Where is the line between good instructions and hand-holding?

Approximate Reading Time: 2 minutes

One of the great things about games is their potential for delivering just-in-time instruction.

Most games require some sort of user assistance, whether it be instructions, in-game tutorials, or a help system. Many games integrate help and tutorial information into the gameplay as much as possible. As designers, how can we know when it is is too much? At what point does a design start to keep a player from feeling autonomous because it’s too helpful?

I think the answer to this is going to be different for entertainment games than for serious games, and there is probably variation even within serious games. Games that try to change your attitude, for example, will likely need to be much more cautious about forcing people to spend time in a tutorial than a game trying to teach math. It also depends a great deal on the complexity of the game as well as the complexity of the subject matter.

Personally, I think people should have access to tutorials and other help but there is very little they should be forced to do.

A game like Machinarium has a very short intro tutorial that gets you started. I think it is very well designed. Its “help” pages are incredibly cryptic, on purpose, in keeping with the whole spirit of the game. You even have to do a mini-challenge before you can look at the help pages.

Splash 01A few years ago, we were asked to design a game to teach concepts in machine learning to middle schoolers. This one presented a huge challenge – there is nothing insightful about watching a machine while it’s learning and without an idea of how the machine is doing what it’s doing, you really can’t get any idea of what this is all about – all you see is that the machine (or program) just gets better at what it does. Also, machine learning is not part of any normal middle school curriculum.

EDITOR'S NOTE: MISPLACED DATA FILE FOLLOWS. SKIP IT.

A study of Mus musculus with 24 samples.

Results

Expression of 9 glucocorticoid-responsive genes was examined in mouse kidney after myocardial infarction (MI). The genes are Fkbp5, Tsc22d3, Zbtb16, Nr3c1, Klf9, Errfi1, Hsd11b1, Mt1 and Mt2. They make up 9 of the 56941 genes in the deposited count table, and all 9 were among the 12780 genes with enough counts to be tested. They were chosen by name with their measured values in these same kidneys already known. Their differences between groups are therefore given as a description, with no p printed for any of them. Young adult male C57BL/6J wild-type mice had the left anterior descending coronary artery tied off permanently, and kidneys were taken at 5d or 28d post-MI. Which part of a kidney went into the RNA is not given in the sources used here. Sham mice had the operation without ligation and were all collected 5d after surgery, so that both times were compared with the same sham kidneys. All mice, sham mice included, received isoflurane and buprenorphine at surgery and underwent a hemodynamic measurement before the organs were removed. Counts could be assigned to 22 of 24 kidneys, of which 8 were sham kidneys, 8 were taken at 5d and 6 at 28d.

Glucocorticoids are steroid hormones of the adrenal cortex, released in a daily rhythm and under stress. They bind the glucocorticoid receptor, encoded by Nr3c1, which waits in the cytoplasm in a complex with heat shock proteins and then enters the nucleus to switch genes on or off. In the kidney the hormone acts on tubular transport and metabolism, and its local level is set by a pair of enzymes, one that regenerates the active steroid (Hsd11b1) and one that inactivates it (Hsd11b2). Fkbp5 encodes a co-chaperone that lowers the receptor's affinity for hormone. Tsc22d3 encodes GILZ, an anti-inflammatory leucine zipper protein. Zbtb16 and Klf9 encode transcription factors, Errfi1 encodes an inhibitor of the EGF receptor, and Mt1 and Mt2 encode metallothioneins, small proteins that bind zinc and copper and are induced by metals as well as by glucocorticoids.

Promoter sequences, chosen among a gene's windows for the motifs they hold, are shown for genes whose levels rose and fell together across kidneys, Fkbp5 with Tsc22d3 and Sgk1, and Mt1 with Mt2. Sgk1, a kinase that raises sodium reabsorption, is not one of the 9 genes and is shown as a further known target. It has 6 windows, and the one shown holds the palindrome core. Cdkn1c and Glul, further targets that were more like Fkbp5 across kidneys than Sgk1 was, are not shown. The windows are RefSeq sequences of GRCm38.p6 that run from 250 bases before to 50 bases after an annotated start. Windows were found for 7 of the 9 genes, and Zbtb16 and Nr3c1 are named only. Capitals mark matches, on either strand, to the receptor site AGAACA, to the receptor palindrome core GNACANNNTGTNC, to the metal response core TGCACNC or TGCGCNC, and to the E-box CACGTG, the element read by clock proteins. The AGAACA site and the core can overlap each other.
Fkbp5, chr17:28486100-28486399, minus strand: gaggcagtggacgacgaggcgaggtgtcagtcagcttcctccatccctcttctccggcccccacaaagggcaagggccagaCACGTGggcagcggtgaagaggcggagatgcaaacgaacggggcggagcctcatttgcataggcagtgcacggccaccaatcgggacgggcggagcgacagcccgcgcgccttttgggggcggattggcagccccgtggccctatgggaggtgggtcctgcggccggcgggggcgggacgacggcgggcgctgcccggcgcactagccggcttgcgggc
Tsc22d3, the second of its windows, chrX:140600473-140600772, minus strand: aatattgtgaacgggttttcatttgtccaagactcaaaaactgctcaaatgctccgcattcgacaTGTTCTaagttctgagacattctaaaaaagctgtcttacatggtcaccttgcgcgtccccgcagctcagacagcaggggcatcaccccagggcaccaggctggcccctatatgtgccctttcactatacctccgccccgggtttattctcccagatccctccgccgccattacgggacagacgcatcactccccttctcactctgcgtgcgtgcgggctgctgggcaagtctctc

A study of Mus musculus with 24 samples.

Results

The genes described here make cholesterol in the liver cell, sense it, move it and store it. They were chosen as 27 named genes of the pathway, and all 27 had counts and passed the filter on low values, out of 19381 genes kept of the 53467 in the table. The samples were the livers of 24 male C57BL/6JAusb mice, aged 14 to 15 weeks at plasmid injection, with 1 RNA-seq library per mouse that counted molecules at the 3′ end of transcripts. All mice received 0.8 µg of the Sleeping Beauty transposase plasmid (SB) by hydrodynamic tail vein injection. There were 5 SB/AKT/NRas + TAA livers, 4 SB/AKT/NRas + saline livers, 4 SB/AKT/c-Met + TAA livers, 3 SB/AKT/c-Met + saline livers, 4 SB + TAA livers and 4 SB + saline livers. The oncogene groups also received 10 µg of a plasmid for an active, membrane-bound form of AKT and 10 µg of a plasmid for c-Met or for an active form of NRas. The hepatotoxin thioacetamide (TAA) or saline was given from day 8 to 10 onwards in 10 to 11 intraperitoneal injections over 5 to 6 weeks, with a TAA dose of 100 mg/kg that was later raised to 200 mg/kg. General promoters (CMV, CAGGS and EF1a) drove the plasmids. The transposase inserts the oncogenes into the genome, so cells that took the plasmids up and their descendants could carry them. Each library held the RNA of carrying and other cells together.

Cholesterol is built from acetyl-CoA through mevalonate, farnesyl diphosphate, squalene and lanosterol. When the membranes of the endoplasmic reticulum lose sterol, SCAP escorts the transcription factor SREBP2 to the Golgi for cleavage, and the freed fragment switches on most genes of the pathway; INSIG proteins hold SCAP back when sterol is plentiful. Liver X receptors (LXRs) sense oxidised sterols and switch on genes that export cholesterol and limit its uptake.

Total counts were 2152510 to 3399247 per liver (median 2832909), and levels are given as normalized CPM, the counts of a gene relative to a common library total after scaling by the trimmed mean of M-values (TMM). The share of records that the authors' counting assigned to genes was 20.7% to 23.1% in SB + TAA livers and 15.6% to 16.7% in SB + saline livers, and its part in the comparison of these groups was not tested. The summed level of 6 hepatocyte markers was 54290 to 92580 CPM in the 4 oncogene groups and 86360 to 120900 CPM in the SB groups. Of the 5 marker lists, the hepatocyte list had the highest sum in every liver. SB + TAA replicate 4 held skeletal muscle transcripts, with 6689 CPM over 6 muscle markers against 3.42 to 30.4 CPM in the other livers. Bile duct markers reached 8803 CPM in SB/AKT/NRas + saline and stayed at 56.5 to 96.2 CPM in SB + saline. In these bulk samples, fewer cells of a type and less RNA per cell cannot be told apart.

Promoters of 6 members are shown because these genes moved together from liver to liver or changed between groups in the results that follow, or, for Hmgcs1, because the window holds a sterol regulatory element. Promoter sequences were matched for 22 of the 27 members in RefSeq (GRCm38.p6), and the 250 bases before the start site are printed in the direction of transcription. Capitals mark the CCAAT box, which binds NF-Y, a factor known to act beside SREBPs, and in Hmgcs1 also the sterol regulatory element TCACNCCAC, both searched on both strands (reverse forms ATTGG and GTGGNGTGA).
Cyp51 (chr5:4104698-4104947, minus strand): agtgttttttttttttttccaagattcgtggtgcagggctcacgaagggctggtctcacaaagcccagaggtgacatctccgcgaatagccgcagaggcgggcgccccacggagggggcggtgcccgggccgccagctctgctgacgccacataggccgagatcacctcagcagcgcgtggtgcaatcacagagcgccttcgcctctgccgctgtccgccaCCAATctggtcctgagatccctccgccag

It’s a fairly advanced topic, for good reason: it assumes a fair bit of background in probability, statistics, and CS. Our approach was to design a game where the player is the one who is asked to learn the way a machine does. The player is to create a program for a probe to be launched to Europa. It was not designed to be easy, but the intent was to give kids a feel for how machine learning works, without all the math and CS (a tall order). The publisher kept asking us to make it easier. They wanted us to add all kinds of hints and pop-ups telling players what to do next and we got into a lot of trouble for resisting. viper2Making a game easier rarely makes it more fun, and providing the right kind of help in a game can be as difficult as designing the game in the first place. In the end we created a fairly substantial ‘manual’ that players could access whenever they wanted. We had offered to do far more (video tutorials, lesson plans, etc.) but the publisher didn’t want to pay for them. The game is good, but it doesn’t stand alone. The help we created is also good, but insufficient. Good games aren’t cheap.